Motor packaging activity and stepping
behavior with base pair resolution
Here, we tethered a φ29 DNA packaging motor and its dsDNA substrate between two optically trapped beads. Using optical tweezers we can perform pulling and equilibrium experiments to probe the structural dynamics and conformational changes during genome packaging.
As packaging proceeds, the DNA contour length remaining outside the capsid decreases over time. By measuring the end-to-end distance between the two traps we can observe individual mechanochemical cycles of this molecular machine (Figures 1 and 2).
The duration of each cycle, as well as the amount of DNA packaged during each of them, provide meaningful information regarding the operation of the motor. Further data analysis provides mechanistic information on the underlying biological function.
Measurement of conformational changes
Here, we use optical tweezers to catch and tether a DNA molecule, organized in nucleosomes via DNA-histone complexes. Using optical tweezers we can perform pulling and equilibrium experiments to probe the structural dynamics and conformational changes of DNA packaging complexes.
First, the DNA-histone complex is gradually extended while simultaneously measuring the force and extension. This results to the generation of a force-distance curve which provides information about the winding and unwinding of DNA around the histones with basepair resolution. Figure 3 shows that the force drops as the DNA unwinds from the histone complexes and that the DNA unwinds from the histone complexes consecutively.
In addition, we can follow and calculate the activity of DNA organization proteins over time. This is done by applying a constant force on the DNA while simultaneously measuring the distance between the two beads. Figure 4 shows the (un)winding of DNA around histones, measured by the shortening and lengthening bursts of the end-to-end distance between the two beads.
Visualization of DNA-protein interactions
In this experiment, a DNA molecule is tethered between two beads while multiple fluorescently labeled proteins are interacting with it. We can visualize these interactions and track them over time using multicolor confocal or STED fluorescence microscopy. The resulting kymograph unveils the number, position, diffusion and (un)binding events of the proteins along the DNA.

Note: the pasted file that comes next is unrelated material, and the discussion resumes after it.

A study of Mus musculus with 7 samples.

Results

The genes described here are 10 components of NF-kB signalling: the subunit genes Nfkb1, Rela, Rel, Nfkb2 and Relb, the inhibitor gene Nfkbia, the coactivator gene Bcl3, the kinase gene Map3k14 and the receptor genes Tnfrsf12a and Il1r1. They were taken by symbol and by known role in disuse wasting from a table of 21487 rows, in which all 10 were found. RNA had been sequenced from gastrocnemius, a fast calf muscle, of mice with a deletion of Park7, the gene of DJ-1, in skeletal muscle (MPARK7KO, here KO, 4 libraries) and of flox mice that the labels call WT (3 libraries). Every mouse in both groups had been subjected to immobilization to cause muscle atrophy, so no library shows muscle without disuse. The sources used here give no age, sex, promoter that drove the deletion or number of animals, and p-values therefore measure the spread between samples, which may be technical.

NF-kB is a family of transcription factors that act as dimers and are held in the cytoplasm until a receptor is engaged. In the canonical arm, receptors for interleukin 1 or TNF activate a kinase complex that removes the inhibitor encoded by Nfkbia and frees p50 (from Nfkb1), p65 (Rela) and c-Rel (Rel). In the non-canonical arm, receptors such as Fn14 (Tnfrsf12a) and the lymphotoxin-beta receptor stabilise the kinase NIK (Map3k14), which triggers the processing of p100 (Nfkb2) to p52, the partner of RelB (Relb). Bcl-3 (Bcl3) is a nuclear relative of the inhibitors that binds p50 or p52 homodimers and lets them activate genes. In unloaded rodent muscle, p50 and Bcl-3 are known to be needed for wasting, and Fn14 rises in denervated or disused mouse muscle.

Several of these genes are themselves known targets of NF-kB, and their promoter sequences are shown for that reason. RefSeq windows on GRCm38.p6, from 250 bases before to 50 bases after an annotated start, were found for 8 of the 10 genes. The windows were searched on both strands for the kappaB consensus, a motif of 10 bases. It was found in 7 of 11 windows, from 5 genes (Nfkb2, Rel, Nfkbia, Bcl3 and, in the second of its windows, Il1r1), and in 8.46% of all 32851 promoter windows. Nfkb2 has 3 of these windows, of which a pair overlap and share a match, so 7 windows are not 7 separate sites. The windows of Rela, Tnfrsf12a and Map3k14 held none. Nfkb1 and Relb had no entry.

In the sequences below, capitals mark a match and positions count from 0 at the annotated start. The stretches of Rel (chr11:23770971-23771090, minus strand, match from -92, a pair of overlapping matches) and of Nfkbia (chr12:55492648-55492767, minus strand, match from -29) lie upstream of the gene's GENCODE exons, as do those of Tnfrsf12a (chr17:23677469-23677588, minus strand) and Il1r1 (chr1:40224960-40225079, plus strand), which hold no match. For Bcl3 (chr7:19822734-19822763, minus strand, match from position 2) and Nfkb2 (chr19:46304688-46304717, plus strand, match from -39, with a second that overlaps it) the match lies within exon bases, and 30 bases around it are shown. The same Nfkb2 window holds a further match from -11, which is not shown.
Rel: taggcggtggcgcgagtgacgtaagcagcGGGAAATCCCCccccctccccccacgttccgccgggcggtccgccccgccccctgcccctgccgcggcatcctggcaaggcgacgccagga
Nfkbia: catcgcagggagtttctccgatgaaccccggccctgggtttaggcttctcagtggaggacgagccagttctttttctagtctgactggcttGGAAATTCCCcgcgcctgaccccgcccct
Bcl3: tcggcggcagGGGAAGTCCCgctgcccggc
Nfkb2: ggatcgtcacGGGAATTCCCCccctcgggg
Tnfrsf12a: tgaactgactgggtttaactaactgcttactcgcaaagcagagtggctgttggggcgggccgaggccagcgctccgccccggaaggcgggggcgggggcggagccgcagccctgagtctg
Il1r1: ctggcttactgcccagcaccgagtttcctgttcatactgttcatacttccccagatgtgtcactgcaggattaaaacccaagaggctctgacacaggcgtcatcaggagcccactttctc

The kymograph in Figure 5 shows the position of bound XRCC4 and XLF on DNA over time at protein concentrations of 5 nM. These are two repair proteins involved in non-homologous end joining which can associate with each other to form complexes capable of bridging DNA. From the figure we can observe and quantify the dynamics (N=94 events) of XRCC4 (green, 9%), XLF (red, 62%) and XRCC4-XLF complexes (yellow, 29%).
The kymograph gives real-time insights in the DNA-protein interactions and protein-protein interactions involved in DNA repair. Simultaneous force and extension measurements allow correlating the protein activity and binding kinetics with the mechanical properties of the protein-DNA complex.
5 Kymograph showing the dynamics of XRCC4 (green), XLF (red), and XRCC4-XLF complexes (yellow) on DNA.
Force extension, manipulation and visualization of DNA-protein-DNA interactions
Here we use a quadruple trap configuration to trap beads and catch two DNA molecules in between. The two DNA molecules are held in close proximity in the presence of DNA bridging proteins. This allows for the study of complex DNA interactions involving multiple DNA molecules.
Figure 6 shows an example in which two DNA molecules are trapped using four optical traps and incubated with 200 nM of XRCC4 and 200 nM of XLF. As we increase the distance between the two trap pairs, we can observe the formation of protein bridges (orange), consisting of both XRCC4 (green) and XLF (red).
We can further manipulate the beads with force to further validate bridge stability and study the behavior of proteins under tension. In addition, by pulling on one bead, we can disrupt the bridges in a controlled manner resulting in a stepwise length (L) increase between the upper and lower beads (Figure 7). In the figure, the length increases shown are the result of disrupting DNA bridges by pulling on one side of the beads.